Former Langley Police Chief David Marks/File photo

Former Langley Police Chief David Marks/File photo

Langley Police Chief David Marks terminated

Mayor Tim Callison: Decision based on allegations of excessive force and overall performance

Langley Police Chief David Marks has been terminated, Mayor Tim Callison announced at a City Council meeting Monday evening.

“It is a very difficult decision to make,” he told the council. “As a civil service employee, (Marks) is entitled to a civil service hearing and appeal. He’s indicated he will appeal.”

In an interview, Callison added: “As of this morning, Chief Marks was put on administrative leave with pay, relieved of duty and told to go home.”

The mayor said he based his decision on many factors, not just the November 2017 incident when Marks is accused of unnecessary force while arresting a mentally ill man. That incident led to several investigations after two officers responding to Marks’ back-up call reported he used excessive use of force.

Many residents came forward in recent months with stories of their own of Marks’ alleged unprofessional conduct, bullying tactics and tendency to lie when confronted about his behavior.

But some business owners and others stood up for Marks, saying they appreciated his professionalism.

“It caused me to look at all performance of duties,” Callison said of his review. “It came to lead me to the conclusion that it should lead toward termination.”

“Chief Marks was put on paid leave to preserve due process,” he said in an interview.

An acting chief of police has not been named.

As mayor, Callison oversees all heads of departments, including the chief of police.

Marks, who led the four-person department for four years, claims that the trespassing suspect was resisting arrest and threw himself to the ground during the Nov. 20, 2017 incident.

Deputy Thomas Brewer of the Island County Sheriff’s Office and Langley Police Officer Mason Shoudy, who responded to the scene, alleged that Marks used unnecessary and aggressive force when handcuffing the suspect, Camren Procopio, causing him to fall face first on the ground.

Washington State Patrol detectives conducted a criminal investigation.

That investigation was reviewed by Island County Prosecutor Greg Banks. He concluded that a jury would be unlikely to convict Marks of gross misdemeanor assault.

But in his analysis, Banks rejected Marks’ contention that Procopio threw himself to the ground.

“Based on the aggressive tenor of the entire contact and the observations by the two officers, I conclude that it is highly unlikely that Mr. Procopio was responsible for his fall,” Banks wrote.

In a six-page memorandum, Banks wrote that although Marks’ behavior didn’t meet criminal standards, it didn’t meet expected standards of law enforcement officers, either.

Mayor Callison then hired an outside expert to determine if Marks violated city police policy.

Use-of-force expert Glen Carpenter stated in a 45-page review that Marks didn’t apply excessive force or violate local law enforcement policy.

Marks was sworn in as the city’s chief of police June 2, 2014 after acting as interium chief.

Two years later, he was honored by a different mayor and city council for a decade of service and commitment to community policing.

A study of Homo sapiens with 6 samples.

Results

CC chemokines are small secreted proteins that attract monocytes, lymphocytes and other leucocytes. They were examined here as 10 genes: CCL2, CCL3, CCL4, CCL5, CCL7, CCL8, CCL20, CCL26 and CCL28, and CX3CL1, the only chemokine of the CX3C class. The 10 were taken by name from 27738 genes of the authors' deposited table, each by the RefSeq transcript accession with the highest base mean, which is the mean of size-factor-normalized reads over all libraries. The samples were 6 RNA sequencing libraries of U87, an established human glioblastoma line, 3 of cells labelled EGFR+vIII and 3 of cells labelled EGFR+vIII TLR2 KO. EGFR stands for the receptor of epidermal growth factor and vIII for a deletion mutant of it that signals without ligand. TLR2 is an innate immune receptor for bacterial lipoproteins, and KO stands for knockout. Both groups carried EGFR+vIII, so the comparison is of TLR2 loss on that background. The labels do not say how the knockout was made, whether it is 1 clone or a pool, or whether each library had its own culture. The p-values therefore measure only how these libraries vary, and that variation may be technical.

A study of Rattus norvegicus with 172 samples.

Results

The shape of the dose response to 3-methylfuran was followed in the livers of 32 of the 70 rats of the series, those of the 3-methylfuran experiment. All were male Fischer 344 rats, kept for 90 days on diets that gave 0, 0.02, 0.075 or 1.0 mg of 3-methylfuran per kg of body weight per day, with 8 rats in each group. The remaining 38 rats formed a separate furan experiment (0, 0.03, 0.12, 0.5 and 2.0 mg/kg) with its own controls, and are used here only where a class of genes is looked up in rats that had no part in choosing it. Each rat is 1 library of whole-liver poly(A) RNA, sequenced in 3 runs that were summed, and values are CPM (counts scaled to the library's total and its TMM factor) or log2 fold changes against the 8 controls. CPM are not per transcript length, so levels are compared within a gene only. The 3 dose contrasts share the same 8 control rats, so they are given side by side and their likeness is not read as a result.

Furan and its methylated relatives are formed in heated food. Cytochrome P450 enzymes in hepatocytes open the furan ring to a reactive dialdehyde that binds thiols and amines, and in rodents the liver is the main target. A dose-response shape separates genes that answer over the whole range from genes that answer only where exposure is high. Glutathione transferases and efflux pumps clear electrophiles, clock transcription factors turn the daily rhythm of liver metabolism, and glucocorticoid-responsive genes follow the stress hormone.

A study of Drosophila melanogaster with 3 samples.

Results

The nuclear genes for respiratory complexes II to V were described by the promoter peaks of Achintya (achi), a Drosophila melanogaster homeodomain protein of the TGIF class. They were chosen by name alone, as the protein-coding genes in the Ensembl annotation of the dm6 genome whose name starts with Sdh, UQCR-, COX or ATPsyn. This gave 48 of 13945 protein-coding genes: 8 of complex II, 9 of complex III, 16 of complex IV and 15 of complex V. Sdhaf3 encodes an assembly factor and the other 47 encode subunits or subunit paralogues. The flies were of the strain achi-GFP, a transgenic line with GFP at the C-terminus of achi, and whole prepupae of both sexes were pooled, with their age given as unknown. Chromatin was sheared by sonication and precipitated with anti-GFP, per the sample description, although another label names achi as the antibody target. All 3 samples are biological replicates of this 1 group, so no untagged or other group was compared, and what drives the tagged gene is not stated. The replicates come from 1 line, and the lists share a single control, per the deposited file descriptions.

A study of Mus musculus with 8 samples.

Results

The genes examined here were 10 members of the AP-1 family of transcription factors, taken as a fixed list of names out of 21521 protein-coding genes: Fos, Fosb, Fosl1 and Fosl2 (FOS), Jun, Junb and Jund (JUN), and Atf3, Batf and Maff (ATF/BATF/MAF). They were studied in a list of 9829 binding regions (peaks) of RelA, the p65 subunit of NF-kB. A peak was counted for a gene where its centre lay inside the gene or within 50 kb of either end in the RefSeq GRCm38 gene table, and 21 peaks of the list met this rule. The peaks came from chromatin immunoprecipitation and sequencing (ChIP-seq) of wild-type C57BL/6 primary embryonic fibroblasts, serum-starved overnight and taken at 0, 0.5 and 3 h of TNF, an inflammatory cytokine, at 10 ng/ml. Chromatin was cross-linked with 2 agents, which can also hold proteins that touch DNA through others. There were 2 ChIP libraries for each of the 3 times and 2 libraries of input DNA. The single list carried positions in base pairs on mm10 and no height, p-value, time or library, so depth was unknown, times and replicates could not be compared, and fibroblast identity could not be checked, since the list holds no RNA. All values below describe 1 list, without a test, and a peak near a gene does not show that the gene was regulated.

However, a different picture emerged this spring.

Like a slow-moving tsunami led by citizen blogs and public rebuke at council meetings, Marks ability to remain Langley’s top cop was called into question.

City council members said they were swamped with emails from concerned residents with anecdotal stories of strong-arming tactics; many said they wanted anonymity because of retaliation fears.

Some claimed the mayor couldn’t deliver a fair administrative decision because of his friendship with the police chief.

Resident Sharon Emerson, who wrote extensively about the Marks controversy on her blog, LangleyAmusings, called for Callison to recuse himself from any administrative action regarding Marks based on the city’s code of ethics.

She lost to Callison in a bid for mayor in 2015.

“When you let someone go, that’s often just the beginning of the process,” Emerson said during public comments at Monday’s meeting.

“There’s evidence of bias and even friendship with Chief Marks,” she said.

In a June 11 email to council member Christy Korrow that Emerson published on her blog, Callison wrote,” I am having many sleepless nights over this issue. I agree that the issue of the community confidence may be missing forever. That may be one of the key issues that informs my final administrative findings and decision.”

Callison also wrote he was remaining neutral “out of respect to Dave’s rights” and until a use of force analysis was complete and “all facts are determined.”

Callison wrote that he took the allegations seriously enough that he requested the Washington State Patrol to investigate.

“However, I will not be pressured by a small angry mob to take action that violates individual rights and respect for process and/or puts the City at risk for potentially costly lawsuits.”

At the Monday meeting, Korrow said Callison overcame any bias with his decision to terminate Marks.

“I think he showed there is no conflict of interest,” Korrow said, “with the courage shown to make a decision with someone he does have a relationship with.”

Earlier in the day, the city council met in a morning workshop to begin reviewing current police policy.

Council members narrowed their focus to examining current complaint mechanisms; gathering input from other cities that have updated police policy and developing a community survey on local law enforcement.

Restoring trust in local government and law enforcement is a top priority.

“We have to build that trust, we have to acknowledge it,” said council member Ursula Shoudy. “It’s our job to build up the trust again.”